Department of Public Administration

Organisation, development and administration of an efficient and effective Public Service

Leading and Managing Change in the Public Sector: The Singapore Experience.

The Singapore Cooperation Programme (SCP) in the Ministry of Foreign Affairs is a series of programmes conducted by the Government of Singapore to facilitate the sharing with other developing countries the technical and systems skills that Singapore has learned and acquired over the years. Technical assistance focuses on training and increasing the skills of a nation. As a country whose only resource is its people, Singapore believes human resource development is vital for economic and social progress. 

The Singapore Cooperation Programme (SCP) was established in 1992 under the Technical Cooperation Directorate (TCD) of the Ministry of Foreign Affairs. Through the SCP, Singapore has been sharing its development experience through courses, seminars, workshops, consultancy as well as hosting study visits in a range of fields. The main fields of training include Communications and Transport, Economic Development and Trade Promotion, Environment, Healthcare and Humanitarian Assistance, Information Technology, Library Management, Management and Productivity, Public Administration and Law, Public Utilities, Tourism and Urban Development. All programmes are conducted at the Civil Service College of Singapore.

1.2. Participants and country structures
Were from the following countries, Slovak Republic, Czech Republic, Cook Islands, Latvia, Laos, East Timor, Cambodia, Vietnam, Brunei, Malaysia, Botswana, Namibia, Lesotho, Lebanon, Philippines, Seychelles, Mauritius, Madagascar, Belize, Romania, Russia, Bahrain, Maldives, Bangladesh, India, Indonesia, Bulgaria, Egypt, Sri Lanka, Saudi Arabia, Oman, and Zimbabwe.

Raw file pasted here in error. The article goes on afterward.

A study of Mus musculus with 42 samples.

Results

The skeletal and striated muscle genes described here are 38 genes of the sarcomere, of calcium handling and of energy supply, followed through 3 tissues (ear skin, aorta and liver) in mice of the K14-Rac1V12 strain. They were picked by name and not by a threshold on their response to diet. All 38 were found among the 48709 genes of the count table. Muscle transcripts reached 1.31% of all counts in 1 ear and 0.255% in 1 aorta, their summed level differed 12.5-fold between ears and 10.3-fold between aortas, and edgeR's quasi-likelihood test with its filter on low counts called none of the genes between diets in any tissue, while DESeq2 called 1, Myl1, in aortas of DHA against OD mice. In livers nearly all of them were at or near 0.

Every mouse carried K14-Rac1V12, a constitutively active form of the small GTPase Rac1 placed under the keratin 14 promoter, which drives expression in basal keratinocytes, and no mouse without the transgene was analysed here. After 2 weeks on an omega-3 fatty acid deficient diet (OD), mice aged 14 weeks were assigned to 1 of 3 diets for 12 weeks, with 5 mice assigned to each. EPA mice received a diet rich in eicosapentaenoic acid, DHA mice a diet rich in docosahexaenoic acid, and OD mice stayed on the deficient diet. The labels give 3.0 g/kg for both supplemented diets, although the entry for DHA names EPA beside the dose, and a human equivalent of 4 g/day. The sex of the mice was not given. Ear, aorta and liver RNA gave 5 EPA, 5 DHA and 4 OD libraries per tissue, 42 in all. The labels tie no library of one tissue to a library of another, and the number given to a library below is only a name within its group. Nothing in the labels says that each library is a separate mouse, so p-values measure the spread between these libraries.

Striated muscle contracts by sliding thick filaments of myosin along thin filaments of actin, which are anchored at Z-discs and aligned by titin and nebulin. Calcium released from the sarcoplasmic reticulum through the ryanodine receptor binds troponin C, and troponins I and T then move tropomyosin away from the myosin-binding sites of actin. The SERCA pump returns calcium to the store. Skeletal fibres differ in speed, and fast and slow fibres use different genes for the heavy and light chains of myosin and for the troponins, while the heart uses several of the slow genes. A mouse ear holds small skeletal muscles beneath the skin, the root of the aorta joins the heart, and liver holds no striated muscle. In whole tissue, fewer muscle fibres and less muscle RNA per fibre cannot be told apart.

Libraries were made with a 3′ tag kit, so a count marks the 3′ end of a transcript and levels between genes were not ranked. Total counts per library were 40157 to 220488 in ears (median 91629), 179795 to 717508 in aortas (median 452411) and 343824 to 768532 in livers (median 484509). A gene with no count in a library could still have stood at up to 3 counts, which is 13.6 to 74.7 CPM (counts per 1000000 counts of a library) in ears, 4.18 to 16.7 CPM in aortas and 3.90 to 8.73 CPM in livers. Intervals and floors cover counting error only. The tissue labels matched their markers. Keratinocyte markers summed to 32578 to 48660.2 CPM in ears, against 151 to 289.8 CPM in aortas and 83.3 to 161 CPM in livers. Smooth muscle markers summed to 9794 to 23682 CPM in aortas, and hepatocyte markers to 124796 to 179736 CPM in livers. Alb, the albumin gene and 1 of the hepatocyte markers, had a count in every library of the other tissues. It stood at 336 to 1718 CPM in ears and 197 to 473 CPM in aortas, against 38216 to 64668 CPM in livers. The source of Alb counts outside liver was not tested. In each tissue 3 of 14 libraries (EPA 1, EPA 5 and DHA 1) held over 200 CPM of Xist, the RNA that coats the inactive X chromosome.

Most of the participants come from structures that fall under the presidency, either as a department of the President’s Office or the Prime Minister’s office. The post titles and responsibilities vary but overall participants were all from the secretariat of their respective Public/Civil Service.

1.3. Programme theme, aim and objectives
The programme provided an interactive platform for government officials to share, explore and discuss issues and challenges that leaders face in public policy development and administrative reforms.  It provided participants with conceptual frameworks and practical strategies to allow them to lead and effect change within the public service. Specific objectives were:

•    Evolution and change in the Singapore Public Service
•    Best practices in change and performance management in the Singapore public sector
•    Frameworks and strategies for organisational change management and leadership 

The overall objective was to exchange information between the participating peer countries on how Singapore Public Service has evolved and the different public sector reforms that it had undergone and to enhance the delegate’s knowledge on policy making and public service reforms.  
Outcomes were expected to:

  •    Enhance understanding of Singapore  policy making and public sector reforms; 
  •     Engage in discussions on how policies were implemented and how were citizens engaged in the process; 
  •     Enhance understanding policy implementation and monitoring and decision-making in government; 
  •   Exchange of information between the participating peer countries on their Public Service structures and governance and share international experiences and lessons learned. 

The Programme was a way to share knowledge to develop capacity and strategies on public sector management and evaluation. Good and failed experiences were shared and discussed. Where one country is stuck in the process others provide ideas; which was a best learning experience especially for small island states which seem to be faced with the same challenges and difficulties.